With just one parliamentary seat in its possession, questions have been raised about the party's future after leaving the government bloc.

Ahmad Mustakim Zulkifli
3 minute read
A motorcyclist rides past Muda flags in Bukit Antarabangsa, Selangor, ahead of the state election in August.
A motorcyclist rides past Muda flags in Bukit Antarabangsa, Selangor, ahead of the state election in August.

With just one out of more than 200 seats in Parliament under its belt, questions have been raised about the extent to which Muda will be able to function as an effective third force following its retraction of support for the federal government over Deputy Prime Minister Ahmad Zahid Hamidi's corruption case. 

Muda, a youth-based party led by Muar MP Syed Saddiq Syed Abdul Rahman, contested six seats at the 15th general election (GE15) last year. Syed Saddiq was the only victorious candidate although the party also holds another seat at the state level: Puteri Wangsa, in Johor, which it won at the 2022 state election. 

With parliamentary representation at just under 0.5%, analysts with whom MalaysiaNow spoke said it would be difficult for Muda to chart a path without the support of a coalition. 

Political observer Mak Khuin Weng said Muda would "live and die" with the charisma of its president, Syed Saddiq. 

"None of their candidates or members can hold the fort otherwise," he said. 

Syed Saddiq was the youth and sports minister during Pakatan Harapan's (PH) first tenure in power after the 14th general election in 2018.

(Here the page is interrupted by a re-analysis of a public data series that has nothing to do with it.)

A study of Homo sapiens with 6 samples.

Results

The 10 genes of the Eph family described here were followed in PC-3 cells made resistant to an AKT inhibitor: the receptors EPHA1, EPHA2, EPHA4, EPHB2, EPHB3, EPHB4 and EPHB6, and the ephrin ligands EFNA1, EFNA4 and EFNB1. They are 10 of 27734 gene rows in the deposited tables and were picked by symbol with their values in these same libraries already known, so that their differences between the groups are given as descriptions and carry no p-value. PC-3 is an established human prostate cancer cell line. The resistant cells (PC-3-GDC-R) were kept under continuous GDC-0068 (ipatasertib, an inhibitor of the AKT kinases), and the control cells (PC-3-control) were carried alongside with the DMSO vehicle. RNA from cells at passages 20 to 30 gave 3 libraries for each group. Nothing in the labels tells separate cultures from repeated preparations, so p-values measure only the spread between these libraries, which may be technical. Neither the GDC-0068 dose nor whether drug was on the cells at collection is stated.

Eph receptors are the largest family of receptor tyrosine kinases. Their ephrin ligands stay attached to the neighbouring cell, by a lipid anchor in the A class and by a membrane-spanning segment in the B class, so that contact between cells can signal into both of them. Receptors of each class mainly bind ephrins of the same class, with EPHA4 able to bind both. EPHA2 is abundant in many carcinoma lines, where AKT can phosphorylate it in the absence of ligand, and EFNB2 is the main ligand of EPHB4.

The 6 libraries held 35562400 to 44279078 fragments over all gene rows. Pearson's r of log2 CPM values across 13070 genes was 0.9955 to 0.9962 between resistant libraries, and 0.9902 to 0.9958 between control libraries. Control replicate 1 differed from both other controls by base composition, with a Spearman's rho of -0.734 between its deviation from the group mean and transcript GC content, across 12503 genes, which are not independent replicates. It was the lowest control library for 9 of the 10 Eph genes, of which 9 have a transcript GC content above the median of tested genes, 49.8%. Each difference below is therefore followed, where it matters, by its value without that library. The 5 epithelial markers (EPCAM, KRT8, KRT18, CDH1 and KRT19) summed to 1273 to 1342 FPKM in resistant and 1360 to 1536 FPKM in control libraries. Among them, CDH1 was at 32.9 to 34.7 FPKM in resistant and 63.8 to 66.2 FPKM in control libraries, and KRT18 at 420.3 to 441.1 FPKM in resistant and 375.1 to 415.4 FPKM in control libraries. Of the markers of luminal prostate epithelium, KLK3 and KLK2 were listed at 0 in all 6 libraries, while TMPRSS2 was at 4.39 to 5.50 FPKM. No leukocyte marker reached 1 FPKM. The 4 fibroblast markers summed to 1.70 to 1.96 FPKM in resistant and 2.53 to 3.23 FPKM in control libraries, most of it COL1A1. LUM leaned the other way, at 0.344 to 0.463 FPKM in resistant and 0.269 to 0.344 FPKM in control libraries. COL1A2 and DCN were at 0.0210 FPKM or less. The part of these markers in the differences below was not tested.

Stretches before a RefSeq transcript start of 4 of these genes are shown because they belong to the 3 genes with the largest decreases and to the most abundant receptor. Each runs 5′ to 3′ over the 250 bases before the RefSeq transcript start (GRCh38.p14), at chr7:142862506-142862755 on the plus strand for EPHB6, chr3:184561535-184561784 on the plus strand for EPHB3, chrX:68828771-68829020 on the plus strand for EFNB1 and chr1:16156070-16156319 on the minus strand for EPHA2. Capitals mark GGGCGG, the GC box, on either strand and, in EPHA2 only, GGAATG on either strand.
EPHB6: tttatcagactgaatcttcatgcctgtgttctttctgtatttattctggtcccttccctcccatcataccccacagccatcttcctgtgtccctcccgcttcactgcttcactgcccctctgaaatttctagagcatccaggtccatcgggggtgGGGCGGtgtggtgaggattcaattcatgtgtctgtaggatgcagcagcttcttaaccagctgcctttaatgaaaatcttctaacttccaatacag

He said on Sept 10 that his party would withdraw its support for the government as a sign of protest against the move to discharge Zahid of the 47 corruption charges linked to Yayasan Akalbudi. 

"This is the start of normalising corruption," he said. "We cannot and will not tolerate this unprincipled move."

Even before its decision to quit the government bloc, Muda had tangled with some DAP leaders, with Ipoh Timur MP Howard Lee Chuan How saying the party's withdrawal from the coalition government would make it easier to focus. 

It also struck out alone at the recent elections in Selangor, Penang, Negeri Sembilan, Kelantan, Terengganu and Kedah, where all 19 of its candidates lost their deposits after failing to win at least one-eighth of the votes in their contested areas. 

Muda, which formed an electoral pact with PH for GE15, previously applied to join as a component party but received no response from the coalition. 

Future for Muda

Mak said Syed Saddiq had no work experience, unlike former Umno Youth chief Khairy Jamaluddin, and would find it difficult to show real leadership. 

"I don't see much of a future for Muda alone, but Syed Saddiq has a future," he said. 

Analyst Awang Azman Awang Pawi said Muda would find it difficult to play the role of a third force as it only possessed one seat in Parliament. 

"Muda will also have trouble in this regard as Syed Saddiq criticises PH but not so much Perikatan Nasional (PN)," he added. 

"He should be balanced in giving his views." 

Awang Azman, of Universiti Malaya, said it would also be difficult for Muda to remain relevant after leaving the government bloc. 

He said Muda might have no choice in the long run but to work with PN. If this happened, he added, Muda would have to fall in line with PN, as it was bigger and more influential. 

"It would be tough for Muda to ask PN to follow its pace," he said. 

"Even though Muda is a multiracial party, sooner or later it will follow PN's pace instead. This is the risk of working with PN."